Partnerships and grants enable Orlean Beeson School of Education to empower its students to educate, lead, and serve; enriching the community and making a positive difference in the world. Additionally, the education school believes continuous, lifelong learning is vital to academic and spiritual growth. This belief coupled with a passion to enrich the education systems in Alabama and across the globe are recognized through numerous community partnerships and initiatives.

Partnerships and Grants

Elementary Mathematics Leadership Academy for Teachers (EMLAT)

In 2017, Samford University Orlean Beeson School of Education entered a partnership with Fairfield City Schools to improve student learning and performance in mathematics. The Academy served to enhance Fairfield teachers’ mathematics content and pedagogy knowledge in order to strengthen their conceptual framework in mathematics and to equip them with research-based strategies in order to improve student learning.

Through the generosity of the Charles T. Campbell Foundation, Orlean Beeson School of Education expanded the EMLAT experience to teachers in other areas districts and schools.

For more information, contact Tarsha Bluiett.

Mentors for Aspiring Principals (MAP)

Samford University’s Orlean Beeson School of Education has a nationally recognized program for preparing "school-ready" instructional leaders. Made possible by funding from the Charles T. Campbell Foundation since 2017, the Mentors for Aspiring Principals program was established in recognition of the critical need to include mentors as a part of each graduate student's preparation experience. MAP seeks qualified, trained mentors to support candidates throughout their field experiences as aspiring leaders in P-12 school settings. Mentors are required to participate in multiple site visits and to build relationships with their mentees. Additionally, aspiring principals are matched with external mentors who provided a safe, confidential space for discussing their observations and reflecting on their experiences.

For more information, contact Kara Chism.

SAM's STEM Academy

SAM’s Science, Technology, Engineering, and Math Academy is an interactive learning opportunity for K-5 students in our partnering schools. Orlean Beeson School of Education faculty, staff, and preservice teachers will engage P-6 students through innovative and creative learning challenges. The academy encourages youngsters to make connections to real-world applications in STEM-related fields.

Through the support of the Charles and Estelle Campbell Foundation, approximately 100 students from partnering schools in primarily underserved communities are provided a fun-filled STEM experience.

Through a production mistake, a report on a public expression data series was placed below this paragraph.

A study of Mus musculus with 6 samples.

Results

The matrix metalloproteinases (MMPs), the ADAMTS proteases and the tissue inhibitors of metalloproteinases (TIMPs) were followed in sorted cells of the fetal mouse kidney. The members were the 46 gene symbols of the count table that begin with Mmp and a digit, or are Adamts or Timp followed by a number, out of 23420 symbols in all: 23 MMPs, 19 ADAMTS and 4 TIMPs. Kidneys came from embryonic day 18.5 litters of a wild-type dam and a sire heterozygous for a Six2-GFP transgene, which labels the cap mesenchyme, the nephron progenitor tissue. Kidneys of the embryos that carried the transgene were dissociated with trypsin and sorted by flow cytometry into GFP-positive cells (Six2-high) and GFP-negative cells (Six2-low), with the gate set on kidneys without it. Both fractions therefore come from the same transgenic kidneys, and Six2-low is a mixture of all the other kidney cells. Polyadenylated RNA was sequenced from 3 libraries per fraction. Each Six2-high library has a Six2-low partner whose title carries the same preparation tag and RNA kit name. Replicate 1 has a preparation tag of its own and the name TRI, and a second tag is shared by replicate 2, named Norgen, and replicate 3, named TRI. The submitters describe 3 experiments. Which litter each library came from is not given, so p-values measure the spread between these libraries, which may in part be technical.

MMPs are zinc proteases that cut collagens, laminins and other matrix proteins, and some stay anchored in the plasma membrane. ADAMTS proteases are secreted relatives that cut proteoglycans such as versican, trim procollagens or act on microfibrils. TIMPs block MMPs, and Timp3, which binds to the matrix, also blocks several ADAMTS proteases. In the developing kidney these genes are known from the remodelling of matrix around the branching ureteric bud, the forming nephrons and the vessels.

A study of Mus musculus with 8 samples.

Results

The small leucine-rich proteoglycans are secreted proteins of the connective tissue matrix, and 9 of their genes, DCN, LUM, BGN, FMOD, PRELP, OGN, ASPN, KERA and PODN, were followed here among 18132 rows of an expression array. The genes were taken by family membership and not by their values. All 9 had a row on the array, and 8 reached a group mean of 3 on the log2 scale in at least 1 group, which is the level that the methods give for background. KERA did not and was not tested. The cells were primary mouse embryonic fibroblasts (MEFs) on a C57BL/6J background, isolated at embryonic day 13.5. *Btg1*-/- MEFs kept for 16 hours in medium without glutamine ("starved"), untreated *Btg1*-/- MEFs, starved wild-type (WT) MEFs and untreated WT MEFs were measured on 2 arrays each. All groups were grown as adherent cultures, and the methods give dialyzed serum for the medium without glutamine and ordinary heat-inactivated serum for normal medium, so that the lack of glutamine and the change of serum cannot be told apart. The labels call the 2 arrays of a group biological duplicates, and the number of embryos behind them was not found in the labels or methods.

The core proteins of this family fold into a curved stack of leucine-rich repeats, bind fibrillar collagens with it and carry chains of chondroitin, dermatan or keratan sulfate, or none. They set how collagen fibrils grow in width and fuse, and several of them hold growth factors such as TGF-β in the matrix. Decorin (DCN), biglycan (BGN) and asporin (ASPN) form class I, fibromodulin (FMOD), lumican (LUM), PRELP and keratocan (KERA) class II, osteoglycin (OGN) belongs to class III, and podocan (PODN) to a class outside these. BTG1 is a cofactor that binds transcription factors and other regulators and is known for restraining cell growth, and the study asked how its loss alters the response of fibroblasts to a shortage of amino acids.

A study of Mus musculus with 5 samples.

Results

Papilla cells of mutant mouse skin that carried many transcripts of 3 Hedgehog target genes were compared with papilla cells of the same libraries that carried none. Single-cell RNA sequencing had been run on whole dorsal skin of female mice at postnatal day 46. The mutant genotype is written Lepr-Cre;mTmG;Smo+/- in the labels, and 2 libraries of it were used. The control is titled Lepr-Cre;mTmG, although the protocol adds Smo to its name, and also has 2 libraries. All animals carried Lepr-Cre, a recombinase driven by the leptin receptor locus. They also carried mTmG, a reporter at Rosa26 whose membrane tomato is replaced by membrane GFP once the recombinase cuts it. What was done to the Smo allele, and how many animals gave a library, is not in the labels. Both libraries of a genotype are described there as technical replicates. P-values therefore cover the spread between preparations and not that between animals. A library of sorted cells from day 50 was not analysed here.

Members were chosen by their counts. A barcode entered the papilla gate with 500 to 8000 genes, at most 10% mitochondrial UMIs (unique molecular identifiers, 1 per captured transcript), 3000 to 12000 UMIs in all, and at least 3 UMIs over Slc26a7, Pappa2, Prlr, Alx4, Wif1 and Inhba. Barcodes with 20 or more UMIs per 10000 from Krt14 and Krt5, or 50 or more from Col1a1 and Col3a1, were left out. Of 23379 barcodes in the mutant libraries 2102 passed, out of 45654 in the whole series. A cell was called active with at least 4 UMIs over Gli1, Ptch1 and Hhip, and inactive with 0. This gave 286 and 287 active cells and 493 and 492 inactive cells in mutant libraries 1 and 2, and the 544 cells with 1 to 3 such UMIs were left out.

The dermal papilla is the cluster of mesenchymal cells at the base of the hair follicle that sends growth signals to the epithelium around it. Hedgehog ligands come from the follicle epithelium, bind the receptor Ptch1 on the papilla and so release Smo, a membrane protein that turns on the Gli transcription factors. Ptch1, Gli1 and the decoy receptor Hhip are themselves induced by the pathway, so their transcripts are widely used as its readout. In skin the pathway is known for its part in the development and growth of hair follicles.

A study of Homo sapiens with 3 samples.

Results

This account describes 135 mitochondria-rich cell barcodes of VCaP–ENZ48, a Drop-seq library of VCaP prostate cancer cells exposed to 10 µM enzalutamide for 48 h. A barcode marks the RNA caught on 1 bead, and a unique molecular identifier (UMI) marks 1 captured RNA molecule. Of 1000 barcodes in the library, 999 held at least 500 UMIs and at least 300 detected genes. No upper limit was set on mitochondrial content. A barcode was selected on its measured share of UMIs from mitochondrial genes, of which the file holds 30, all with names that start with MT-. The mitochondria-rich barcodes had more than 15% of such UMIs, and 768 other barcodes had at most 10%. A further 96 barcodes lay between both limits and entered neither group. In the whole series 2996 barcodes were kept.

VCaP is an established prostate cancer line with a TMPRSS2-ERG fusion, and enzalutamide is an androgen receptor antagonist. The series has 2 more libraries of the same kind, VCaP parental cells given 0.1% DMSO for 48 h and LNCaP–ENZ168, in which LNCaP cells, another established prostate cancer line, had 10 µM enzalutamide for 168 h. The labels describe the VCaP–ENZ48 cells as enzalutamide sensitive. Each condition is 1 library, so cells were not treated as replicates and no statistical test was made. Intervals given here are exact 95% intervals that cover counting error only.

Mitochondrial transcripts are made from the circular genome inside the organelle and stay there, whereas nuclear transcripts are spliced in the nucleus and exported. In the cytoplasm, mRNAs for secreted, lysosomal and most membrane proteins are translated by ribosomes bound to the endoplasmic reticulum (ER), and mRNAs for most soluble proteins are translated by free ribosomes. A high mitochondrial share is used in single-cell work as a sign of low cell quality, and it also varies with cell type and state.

For more information, contact Amanda Stone.

Turning Points

In 2012, Turning Points was established to provide a crucial next step for special needs students aged 18-21 who have an individualized educational program (IEP) and who are currently enrolled in Mountain Brook and Homewood Public Schools. Housed in the Orlean Beeson School of Education building and managed by Mountain Brook City School District personnel, the program provides social, educational and occupational growth and development for each student.

The program also gives students a glimpse of the college experience as they eat in the university's cafeteria, take part in campus activities, play Frisbee on the lawn and hold on-campus jobs. The program helps transition students out of high school and supports the development of independent life skills.

For more information, contact Wendy Betsch.

Young Authors Conference

Since 2004, Orlean Beeson School of Education has hosted a Birmingham-area elementary school for the annual Young Authors Conference. The event fosters excitement for reading and writing among young children, and allows preservice teachers to practice choosing curriculum, writing lesson plans, designing learning activities, creating a field trip schedule and other aspects of educational event planning. 

The conference honors John and Frances Carter, who both taught in Orlean Beeson School of Education, and is supported through a modest annual gift from the Carter family. Through additional support from the Charles and Estelle Campbell Foundation, we are enhancing the scope of this event to impact students from underserved Birmingham communities.

For more information, contact Karen Birkenfeld.